Rezension bezieht sich auf: Red Rabbit (Jack Ryan) (Taschenbuch)Tom Clancy's last Jack Ryan novel, "The Bear and the Dragon," was a certifiable disaster. In an attempt to keep toping his previous novels Clancy stopped short of an outright alien invasion and had Jack save the world when Russia and China go to war. For the me the unpardonable sin was that unlike every other Tom Clancy novel, "The Bear and the Dragon" did not have any scenes I wanted to reread again and again from time to time.
So when Clancy decided to go back in time to those thrilling days when Jack Ryan was still the new kid on the block at CIA and Admiral Greer's fair-haired boy, I thought it was a good move. "Red Rabbit" takes place in between "Patriot Games" and "The Hunt for Red October," but because it takes place more in the real world, do not bother yourself with making things fit exactly. There are plenty of real figures running around in this one, although not the Queen and Prince Charles, good friends of Sir John and Lady Ryan that they are, but rather KGB head Andropov, a Polish Pope, an American president who used to be an actor, and a female British Prime Minister.
When I began reading "Red Rabbit" I thought it was obvious that Clancy wanted to write about the downfall of the Soviet Union. After all, he dedicated two of his books to Ronald Reagan as the man who won the war. But the straw that broke the camel's back was Reagan's endorsement of SDI (a.k.a. "Star Wars") because the Soviet Union broke the bank trying to keep up spending money it did not have and the problem is that it this effect was unanticipated (a nice way of saying there was a major element of luck involved). Clearly Clancy wants to do a little historical revision along those lines, not that there is anything wrong with that.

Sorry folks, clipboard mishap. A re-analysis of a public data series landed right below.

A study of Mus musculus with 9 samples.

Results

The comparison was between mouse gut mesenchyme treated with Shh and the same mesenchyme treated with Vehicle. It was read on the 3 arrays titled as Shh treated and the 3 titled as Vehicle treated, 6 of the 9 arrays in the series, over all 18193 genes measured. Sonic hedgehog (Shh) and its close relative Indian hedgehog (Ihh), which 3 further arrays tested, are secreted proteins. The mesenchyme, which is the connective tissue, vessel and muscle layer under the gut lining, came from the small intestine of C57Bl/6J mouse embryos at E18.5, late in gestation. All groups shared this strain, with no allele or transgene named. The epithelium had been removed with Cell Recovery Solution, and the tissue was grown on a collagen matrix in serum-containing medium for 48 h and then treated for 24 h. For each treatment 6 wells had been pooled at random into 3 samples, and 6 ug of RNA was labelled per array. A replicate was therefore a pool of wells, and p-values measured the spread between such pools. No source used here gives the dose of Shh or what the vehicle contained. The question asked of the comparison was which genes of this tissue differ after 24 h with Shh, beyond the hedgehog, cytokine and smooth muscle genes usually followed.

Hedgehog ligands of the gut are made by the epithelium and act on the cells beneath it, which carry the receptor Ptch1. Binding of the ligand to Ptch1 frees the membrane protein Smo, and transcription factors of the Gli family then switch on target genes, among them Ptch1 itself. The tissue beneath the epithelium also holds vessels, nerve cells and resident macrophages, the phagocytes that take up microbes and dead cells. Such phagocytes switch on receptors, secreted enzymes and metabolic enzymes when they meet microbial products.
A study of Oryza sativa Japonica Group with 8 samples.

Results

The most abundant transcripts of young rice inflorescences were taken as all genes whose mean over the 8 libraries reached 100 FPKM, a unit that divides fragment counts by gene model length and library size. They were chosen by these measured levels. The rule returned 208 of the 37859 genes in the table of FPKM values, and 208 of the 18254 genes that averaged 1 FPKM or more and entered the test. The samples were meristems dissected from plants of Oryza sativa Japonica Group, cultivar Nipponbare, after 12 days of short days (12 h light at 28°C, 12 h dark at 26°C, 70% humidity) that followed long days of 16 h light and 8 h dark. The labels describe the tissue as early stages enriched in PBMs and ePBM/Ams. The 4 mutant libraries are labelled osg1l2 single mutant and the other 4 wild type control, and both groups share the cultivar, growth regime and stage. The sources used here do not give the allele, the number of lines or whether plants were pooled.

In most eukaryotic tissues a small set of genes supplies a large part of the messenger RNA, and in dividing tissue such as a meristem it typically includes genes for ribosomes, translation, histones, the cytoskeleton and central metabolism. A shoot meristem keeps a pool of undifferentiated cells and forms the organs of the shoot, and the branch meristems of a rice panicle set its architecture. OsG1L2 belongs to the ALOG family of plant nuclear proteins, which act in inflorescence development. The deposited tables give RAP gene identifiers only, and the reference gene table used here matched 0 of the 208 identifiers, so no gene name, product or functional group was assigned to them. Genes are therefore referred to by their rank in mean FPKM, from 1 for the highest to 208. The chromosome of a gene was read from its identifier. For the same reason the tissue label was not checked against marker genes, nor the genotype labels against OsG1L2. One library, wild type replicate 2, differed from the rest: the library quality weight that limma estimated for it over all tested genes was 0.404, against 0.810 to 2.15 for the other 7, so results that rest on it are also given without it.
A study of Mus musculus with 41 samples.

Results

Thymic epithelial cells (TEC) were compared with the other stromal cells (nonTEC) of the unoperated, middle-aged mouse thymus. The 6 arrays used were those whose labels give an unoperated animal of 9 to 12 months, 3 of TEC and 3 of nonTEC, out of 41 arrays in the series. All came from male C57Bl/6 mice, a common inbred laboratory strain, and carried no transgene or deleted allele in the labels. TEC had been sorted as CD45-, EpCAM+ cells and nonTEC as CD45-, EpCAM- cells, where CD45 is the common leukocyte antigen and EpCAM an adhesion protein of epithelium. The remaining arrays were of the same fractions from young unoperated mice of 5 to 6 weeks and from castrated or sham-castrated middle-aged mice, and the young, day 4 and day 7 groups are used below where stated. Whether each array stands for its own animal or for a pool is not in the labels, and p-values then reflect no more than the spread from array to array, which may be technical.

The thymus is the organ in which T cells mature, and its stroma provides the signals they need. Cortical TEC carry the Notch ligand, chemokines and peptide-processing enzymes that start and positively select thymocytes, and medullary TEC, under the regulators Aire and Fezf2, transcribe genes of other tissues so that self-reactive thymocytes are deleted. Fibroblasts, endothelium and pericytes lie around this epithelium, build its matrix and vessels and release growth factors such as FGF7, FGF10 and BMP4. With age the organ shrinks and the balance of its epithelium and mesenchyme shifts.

However, that quickly becomes a side issue in "Red Rabbit" which has two major plot threads. The first is Andropov's decision to assassinate the Pope for threatening to support the counterrevolutionists (i.e., union workers) in Poland. The second is the defection of a member of the KGB (the "Red Rabbit" of the title). Of course, the two threads come together. Meanwhile, Jack putters around England with little to do while Ed and Mary Pat Foley are having all the fun in Moscow.
There is an element of suspense involved and if you are surprised seeing as how you remember that Pope John Paul II was not assassinated way back when, then you have probably never read/seen "The Day of the Jackal" or "The Eagle Has Landed." No, the complaints about this novel are going to have more to do with how often it seems like Clancy is covering old ground, from the minute details about running agents in Moscow to Bob Ritter having a cow every time Ryan does anything. I was troubled more by how the back and forth between the two plot lines finally gives way to the predominance of one and then the other. This reflects Clancy's tendency to covers the reader's eyes and ears at key points so he can set something up, but is not especially justified by this particular story line.
"Red Rabbit" is an okay Jack Ryan novel, constituting a sort of back to basics in terms of espionage. There are a few decent scenes worth a second look, but nothing like the treasured scenes I recall from novels past. We might have to get use to the idea there is not going to be another great Jack Ryan novel. I really think Tom Clancy needs a stronger editor. Not just one that would have stopped him from doing "The Bear and the Dragon" (he had set up the possibility of a novel about a presidential campaign, which would have worked well off of the whole rebuilding the government from scratch idea he had been developing), but one that points out to him that he has various characters making the same comments two or three times. Did nobody bother to look or did no one dare to mention it to the author? Then again, maybe the simple irony is that Tom Clancy's writing career has achieved the same sort of destructive momentum of Jack Ryan's career as a character.